Make your own free website on

Who We Are

What's New

Event Calendar

Your Representatives



Bulletin Board



East Hampton Town
Democratic Committee


Blue-Ribbon Aviation Committee

February 12, 1998


From:  Barry Leach, Member

To:  Blue Ribbon Airport Commission

Subj:  Alternate Viewpoint

Runway 10/28

I understand that a 100' main runway is a strategic and integral part of an airport expansion or enhancement plan.  Its' criticality is based on minimum FAA requirements for installation of a precision approach (either ILS or precision GPS) and also for the servicing of larger Category C and D aircraft on a more continuous basis.  Adverse weather would no longer present a problem.  With an installation of any precision approach system would be the requirement for an approach lighting system (ALS) consisting of high-intensity sequential lead-in lights and higher intensity runway lighting than exist today.  Additionally, larger clear zones would need to be established at the easternmost and westernmost ends of 10/28 in order to comply with FAA obstruction clearance guidelines.  On the easternmost side, Daniel's Hole Road was identified by the FAA in 1990 and by C&S Engineering in 1994 as an obstruction to arriving aircraft to runway 28.  To date, no effort has been initiated by airport management to mitigate the problem.  Only 2 options are available:  1)  move the road (not desirable) or 2) create a displaced threshold for runway 28 of 760' as directed by the FAA and as recommended by C&S Engineering.  Failure to do anything jeopardizes the Town's insurance rating and creates a direct and substantial liability to the Town should anything ever happen between a car on Daniel's Hole Road and an aircraft.  The argument presented saying that a displaced threshold would increase noise is a red herring.  It simply isn't so.  On the westernmost side land would need to be purchased in the Town of Southampton for installation of lead-in lighting.  On both sides, substantial tree clearing is required.  
I believe that the "airport creep" we are experiencing can be immediately halted by disallowing a 100' wide main runway.  No precision approaches exist anywhere to runways with widths less than 100'.  For safety's sake, repairs can inexpensively and quickly be made to the transverse cracks cited in official reports and retain the current width of 75'.  After which a special sealer designed specifically for airport runways can be applied to the full length giving added protection for years to come at a nominal cost.  The proposed "enhancements" are in contrast to what I believe is the rural and pastoral character of East Hampton Town. 
I believe that the instrument approaches currently available are sufficient to support airport's such as ours that wish to retain its small airport (Category A/B) status.  The Town should not pursue installation of a precision instrument approach in the interests of lesser air traffic, different noise footprints and the failure to meet any cost/benefit analysis.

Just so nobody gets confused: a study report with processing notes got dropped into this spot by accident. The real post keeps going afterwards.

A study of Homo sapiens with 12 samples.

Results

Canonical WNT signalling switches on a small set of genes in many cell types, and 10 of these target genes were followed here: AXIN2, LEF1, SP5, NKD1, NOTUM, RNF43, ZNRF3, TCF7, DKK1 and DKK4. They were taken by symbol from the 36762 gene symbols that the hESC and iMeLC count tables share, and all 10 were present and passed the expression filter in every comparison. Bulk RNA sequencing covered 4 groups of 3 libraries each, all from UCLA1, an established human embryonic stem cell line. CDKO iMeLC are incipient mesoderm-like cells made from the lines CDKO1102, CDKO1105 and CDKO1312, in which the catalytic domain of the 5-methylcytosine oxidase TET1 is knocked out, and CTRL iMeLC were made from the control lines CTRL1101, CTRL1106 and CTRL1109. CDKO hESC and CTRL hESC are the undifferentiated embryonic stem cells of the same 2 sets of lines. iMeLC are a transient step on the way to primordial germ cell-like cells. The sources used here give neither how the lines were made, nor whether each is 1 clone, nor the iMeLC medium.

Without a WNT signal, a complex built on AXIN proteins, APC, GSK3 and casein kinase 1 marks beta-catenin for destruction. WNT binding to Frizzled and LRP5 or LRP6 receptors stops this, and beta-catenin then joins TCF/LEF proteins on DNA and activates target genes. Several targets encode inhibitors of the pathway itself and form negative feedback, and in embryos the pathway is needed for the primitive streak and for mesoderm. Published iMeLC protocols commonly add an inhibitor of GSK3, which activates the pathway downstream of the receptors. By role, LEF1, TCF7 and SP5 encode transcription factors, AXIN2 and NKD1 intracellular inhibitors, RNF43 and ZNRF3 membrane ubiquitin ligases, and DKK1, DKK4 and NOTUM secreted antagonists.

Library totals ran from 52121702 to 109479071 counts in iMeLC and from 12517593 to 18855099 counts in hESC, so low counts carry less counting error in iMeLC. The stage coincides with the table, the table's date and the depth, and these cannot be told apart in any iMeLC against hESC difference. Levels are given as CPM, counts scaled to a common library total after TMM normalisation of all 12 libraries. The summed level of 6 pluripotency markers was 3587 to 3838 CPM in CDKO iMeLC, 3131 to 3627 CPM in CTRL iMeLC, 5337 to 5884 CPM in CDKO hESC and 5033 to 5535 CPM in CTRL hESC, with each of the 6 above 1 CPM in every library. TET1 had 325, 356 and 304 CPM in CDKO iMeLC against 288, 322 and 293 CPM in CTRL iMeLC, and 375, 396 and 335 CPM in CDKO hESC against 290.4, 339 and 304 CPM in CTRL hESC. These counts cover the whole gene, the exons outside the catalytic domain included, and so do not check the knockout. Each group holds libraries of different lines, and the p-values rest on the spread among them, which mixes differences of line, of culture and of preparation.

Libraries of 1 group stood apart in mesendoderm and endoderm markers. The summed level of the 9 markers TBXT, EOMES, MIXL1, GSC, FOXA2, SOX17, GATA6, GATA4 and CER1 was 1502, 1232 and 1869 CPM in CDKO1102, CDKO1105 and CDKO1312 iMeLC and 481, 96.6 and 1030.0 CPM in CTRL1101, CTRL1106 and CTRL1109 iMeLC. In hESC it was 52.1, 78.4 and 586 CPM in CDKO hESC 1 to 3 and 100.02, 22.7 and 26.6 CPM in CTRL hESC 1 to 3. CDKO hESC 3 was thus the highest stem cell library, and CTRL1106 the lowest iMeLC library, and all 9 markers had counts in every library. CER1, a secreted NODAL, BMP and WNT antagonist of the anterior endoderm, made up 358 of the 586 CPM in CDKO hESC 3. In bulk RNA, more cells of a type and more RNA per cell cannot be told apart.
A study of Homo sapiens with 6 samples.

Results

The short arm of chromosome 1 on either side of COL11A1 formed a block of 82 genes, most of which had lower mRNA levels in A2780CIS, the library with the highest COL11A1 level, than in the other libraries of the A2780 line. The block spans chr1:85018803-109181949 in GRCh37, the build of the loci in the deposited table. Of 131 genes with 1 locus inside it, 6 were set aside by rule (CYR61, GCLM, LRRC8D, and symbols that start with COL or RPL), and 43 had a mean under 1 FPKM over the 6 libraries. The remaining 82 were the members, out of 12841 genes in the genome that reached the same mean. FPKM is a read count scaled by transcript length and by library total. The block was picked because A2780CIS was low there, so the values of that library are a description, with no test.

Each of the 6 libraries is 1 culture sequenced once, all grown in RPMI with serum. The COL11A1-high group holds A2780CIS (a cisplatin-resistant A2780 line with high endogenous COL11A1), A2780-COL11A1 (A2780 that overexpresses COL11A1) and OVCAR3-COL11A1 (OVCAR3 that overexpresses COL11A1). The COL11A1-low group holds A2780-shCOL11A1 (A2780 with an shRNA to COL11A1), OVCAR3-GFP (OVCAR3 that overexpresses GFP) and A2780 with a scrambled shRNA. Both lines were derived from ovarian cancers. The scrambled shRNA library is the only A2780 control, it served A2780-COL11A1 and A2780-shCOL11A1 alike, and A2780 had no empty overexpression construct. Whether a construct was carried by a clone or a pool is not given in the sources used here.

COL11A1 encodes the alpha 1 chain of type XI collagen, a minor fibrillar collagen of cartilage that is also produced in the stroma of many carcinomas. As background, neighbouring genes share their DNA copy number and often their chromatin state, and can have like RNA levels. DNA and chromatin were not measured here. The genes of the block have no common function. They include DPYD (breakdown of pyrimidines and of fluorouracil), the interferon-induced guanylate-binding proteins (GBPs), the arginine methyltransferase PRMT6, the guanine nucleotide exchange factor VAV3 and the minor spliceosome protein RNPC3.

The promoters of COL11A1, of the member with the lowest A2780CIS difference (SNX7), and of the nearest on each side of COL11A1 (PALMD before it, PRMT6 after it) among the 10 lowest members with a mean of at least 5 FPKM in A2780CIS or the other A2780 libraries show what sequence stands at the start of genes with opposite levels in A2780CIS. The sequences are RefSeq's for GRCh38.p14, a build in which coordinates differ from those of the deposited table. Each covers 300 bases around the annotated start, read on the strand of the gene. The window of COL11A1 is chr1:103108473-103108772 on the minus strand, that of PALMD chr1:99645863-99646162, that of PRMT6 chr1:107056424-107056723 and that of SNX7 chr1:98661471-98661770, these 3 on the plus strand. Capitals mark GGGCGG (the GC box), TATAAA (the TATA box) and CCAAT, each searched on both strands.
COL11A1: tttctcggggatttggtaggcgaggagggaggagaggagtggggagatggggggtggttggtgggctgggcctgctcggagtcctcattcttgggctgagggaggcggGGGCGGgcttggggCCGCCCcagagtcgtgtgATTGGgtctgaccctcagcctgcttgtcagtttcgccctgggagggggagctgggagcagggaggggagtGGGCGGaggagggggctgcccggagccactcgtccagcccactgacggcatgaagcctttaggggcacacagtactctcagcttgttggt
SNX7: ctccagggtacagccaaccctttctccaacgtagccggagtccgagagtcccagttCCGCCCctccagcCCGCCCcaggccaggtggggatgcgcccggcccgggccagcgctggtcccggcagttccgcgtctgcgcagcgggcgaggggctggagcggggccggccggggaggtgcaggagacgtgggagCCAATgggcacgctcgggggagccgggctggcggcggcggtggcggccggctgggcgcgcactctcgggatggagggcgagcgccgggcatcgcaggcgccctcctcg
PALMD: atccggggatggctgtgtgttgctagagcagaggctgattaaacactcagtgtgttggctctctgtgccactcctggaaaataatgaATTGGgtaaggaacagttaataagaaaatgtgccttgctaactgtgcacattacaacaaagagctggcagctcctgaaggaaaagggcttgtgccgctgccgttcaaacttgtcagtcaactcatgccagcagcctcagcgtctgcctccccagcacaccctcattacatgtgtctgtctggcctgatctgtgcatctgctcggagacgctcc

Landing Fees 

 I believe that aircraft based at East Hampton airport should not have to pay added landing fees.  I also believe that training flights from schools not based at East Hampton are on the rise.  It's my opinion that East Hampton should increase landing fees for all non-East Hampton based aircraft landing or practicing touch-and-goes similar to those that exist at Farmingdale, NY.  The fee increase would be more of a financial deterrent than a source of revenue.


 There exists a lack of immediate fire/rescue response capability at the airport.  Coordination should be made at the earliest opportunity with nearby fire departments and the Town for basing fire suppression apparatus at the airport.

The Plan

 Which plan is the current airport plan describing the future of our airport will be different depending who is being asked.  Notwithstanding its' more recent date the 1994 Airport Update Plan is not the valid plan for our airport due to its' non-conformity with SEQRA review, lack of public input, and lack of formal adoption by the Town Board.  Therefore, the 1989 Airport Layout Plan is the only formally adopted, environmentally reviewed document/plan for the East Hampton Airport at this time.

The Players

 C&S Engineering has played a critical part in the preparation of plans and has been enthusiastic about providing advise to Town Board members.  Their advice, in my opinion, has been more like a sales pitch and has caused much confusion and is in large part a reason we find ourselves in this spot.  I would recommend that the Town discontinue any further discussions with C&S and look for another firm for advice.  
 Tri-State Engineering, on the other hand, has, all along, been forthcoming and neutral in its' opinion and has provided unbiased advice giving both the ups and downs in every project proposal.  Future analyses should be given to this firm.
 Airport management needs to be more aggressive in tracking income and expenses by a more acceptable method of accounting procedure.  This should include an exact day-by-day total of whether it is in the red or in the black just like a business.  Accounting should include monies received and spent in taxes on hangars, fuel, salaries, etc.